Do students arrive at university with a desire to learn and master their subject but end up just trying to get a good grade? [Outcome A] Or is it that after years of testing in primary and secondary education, the experience of university with its emphasis on independent learning helps students develop their desire to learn? [Outcome B] Or is it that students are fundamentally grade orientated and simply start and end university with the goal of getting a good grade [Outcome C], or is it that students are fundamentally interested in their work and start and end university with a desire to learn? [Outcome D]. If you had to make an educated guess, which outcome would you predict?

Goal theorists suggest that in some situations, our goal is to master a task for its own sake (a mastery goal), whereas in others it is performed well in order to achieve some goal extrinsic to the task, such as impressing others (a performance goal). In the first part of the talk, I will outline some of the studies we have carried out in the U.K. using standard goal instruments to examine the types of goals students have in different years of their degree programme. You can see whether your prediction was supported by our evidence.

In the second part of the talk, I’ll be looking at some of the more recent criticisms of goal theory and I’ll spend some time talking about the usefulness of the items on traditional goal questionnaires. Here I shall introduce some of the work we have done in Russia and Latvia examining the same research questions addressed in the U.K. studies, compare and contrast the findings and offer some explanations for the different results.

Reference:

  • Lieberman, D. A., & Remedios, R. (2007). Do Undergraduates’ Motivations for Study Change as They Progress Through Their Degrees?. British Journal of Educational Psychology, 77, 379-395.

Dr Richard Remedios

I joined Durham University in April 2006 as a Lecturer having previously worked in the Psychology department at Stirling University in Scotland. My main research interest is in the factors that influence student motivation. I am particularly interested in theories such as goal theory, social comparison and intrinsic motivation and how far these theories explain the study behaviours of students across all age ranges (e.g., primary, secondary, post-compulsory) and cultures (e.g., Latvia, Russia). I am also very interested in implicit learning, learning without awareness and other non-conscious explanations for how humans behave. I am currently looking at ways of examining student goals using paradigms that examine the impact of non-conscious processes.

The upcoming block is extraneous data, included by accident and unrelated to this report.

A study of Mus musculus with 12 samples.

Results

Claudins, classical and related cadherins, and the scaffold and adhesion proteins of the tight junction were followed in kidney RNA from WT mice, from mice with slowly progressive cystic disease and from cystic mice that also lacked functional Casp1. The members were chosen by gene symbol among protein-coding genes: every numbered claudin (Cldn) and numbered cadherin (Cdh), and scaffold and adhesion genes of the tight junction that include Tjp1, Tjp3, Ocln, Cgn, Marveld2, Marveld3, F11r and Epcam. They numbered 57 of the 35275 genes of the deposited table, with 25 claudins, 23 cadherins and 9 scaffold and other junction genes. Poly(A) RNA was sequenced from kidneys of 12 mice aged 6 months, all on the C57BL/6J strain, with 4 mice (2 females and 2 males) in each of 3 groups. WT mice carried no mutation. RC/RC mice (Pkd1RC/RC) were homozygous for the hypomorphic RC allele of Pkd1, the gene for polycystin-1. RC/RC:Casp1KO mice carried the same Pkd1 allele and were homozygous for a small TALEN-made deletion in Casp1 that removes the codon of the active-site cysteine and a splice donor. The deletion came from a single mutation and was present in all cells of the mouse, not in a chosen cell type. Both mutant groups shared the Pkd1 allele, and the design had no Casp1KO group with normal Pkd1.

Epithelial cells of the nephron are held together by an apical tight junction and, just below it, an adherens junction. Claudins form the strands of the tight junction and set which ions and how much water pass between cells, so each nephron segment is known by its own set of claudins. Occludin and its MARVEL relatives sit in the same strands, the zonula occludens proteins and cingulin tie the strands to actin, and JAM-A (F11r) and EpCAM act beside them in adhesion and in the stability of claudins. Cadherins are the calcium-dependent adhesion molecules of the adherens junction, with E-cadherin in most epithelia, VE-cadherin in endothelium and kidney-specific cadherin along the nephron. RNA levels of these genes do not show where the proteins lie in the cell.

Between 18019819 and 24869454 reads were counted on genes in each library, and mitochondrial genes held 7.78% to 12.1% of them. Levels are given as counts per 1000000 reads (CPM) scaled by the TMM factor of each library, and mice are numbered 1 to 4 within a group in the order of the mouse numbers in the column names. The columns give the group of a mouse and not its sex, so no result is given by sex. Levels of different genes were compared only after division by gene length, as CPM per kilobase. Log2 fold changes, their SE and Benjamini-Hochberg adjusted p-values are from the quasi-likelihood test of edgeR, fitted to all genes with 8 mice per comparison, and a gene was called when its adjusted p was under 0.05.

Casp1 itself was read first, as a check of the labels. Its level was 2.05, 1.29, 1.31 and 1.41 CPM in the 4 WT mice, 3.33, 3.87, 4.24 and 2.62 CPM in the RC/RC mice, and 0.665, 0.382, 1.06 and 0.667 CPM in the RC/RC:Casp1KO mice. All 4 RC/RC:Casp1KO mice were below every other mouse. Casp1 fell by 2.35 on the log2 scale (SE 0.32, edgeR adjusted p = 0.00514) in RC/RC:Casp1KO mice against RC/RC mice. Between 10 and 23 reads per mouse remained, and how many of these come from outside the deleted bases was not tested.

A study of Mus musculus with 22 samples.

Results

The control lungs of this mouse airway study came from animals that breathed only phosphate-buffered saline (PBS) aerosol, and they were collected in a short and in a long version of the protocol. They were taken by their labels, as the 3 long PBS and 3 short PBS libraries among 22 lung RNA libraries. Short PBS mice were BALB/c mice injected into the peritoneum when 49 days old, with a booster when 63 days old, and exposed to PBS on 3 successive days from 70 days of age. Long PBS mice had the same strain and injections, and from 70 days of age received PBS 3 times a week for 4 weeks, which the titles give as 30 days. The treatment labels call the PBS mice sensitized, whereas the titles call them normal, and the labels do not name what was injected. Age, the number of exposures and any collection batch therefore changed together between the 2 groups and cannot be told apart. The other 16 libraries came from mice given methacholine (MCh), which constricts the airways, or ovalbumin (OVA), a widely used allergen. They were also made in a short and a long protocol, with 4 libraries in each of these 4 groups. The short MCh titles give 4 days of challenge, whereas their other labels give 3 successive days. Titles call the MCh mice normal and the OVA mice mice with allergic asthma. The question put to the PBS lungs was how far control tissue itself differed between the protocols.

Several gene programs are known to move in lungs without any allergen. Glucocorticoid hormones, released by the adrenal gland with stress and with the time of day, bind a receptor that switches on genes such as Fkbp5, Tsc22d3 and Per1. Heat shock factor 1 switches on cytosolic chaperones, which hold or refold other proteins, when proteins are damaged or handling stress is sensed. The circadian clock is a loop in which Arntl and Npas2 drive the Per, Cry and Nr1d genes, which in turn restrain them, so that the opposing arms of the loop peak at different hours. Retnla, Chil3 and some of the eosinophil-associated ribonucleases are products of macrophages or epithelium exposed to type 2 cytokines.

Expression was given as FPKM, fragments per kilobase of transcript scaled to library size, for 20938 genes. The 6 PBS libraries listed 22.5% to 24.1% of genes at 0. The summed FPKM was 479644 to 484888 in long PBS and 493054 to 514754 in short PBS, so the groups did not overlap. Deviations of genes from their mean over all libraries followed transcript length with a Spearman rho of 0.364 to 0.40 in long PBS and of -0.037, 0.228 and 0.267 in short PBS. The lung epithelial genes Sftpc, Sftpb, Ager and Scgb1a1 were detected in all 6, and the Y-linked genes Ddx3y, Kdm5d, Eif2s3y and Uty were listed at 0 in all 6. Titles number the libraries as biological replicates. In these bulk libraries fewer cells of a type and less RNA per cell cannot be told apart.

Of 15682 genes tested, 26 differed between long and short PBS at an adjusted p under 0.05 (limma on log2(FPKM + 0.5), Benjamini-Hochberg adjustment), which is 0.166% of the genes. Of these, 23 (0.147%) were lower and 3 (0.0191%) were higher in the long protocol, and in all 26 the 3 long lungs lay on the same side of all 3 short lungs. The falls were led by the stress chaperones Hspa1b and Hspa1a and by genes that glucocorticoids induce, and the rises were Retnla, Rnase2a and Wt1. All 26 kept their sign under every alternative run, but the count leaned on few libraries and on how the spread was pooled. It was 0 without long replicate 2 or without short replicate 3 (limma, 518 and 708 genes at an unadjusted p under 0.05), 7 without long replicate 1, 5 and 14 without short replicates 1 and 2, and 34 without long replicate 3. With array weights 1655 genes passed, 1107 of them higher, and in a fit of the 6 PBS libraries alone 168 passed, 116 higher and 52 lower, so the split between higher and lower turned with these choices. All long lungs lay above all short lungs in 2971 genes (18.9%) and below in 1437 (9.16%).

A few other references

  • Remedios, R., Kiseleva, Z., & Elliott, J. G. (submitted). Goal orientations in Russian university students: from mastery to performance? Educational Psychology.
  • Remedios, R. & Lieberman, D.A. (2008). I liked your course because you taught me well: The influence of grades, workload, expectations and goals on students’ evaluations of teaching. British Educational Research Journal, 34, 1, 91-115.
  • Remedios, R., Ritchie, K, A., & Lieberman, D. A. (2005) The effects of the transfer test in Northern Ireland on pupils’ intrinsic motivation. British Journal of Educational Psychology, 57, 435-452.
  • Remedios, R. and Boreham, N. (2004). Intrinsic Motivation and Organisational Learning. Journal of Education and Work, 17, 2, 219-236.
  • Remedios, R., Lieberman, D. A., and Benton, T. G. (2000). The effects of grades on course enjoyment: Did you get the grade you wanted? British Journal of Educational Psychology, 70, 353-368.

This talk is part of the Psychology & Education series.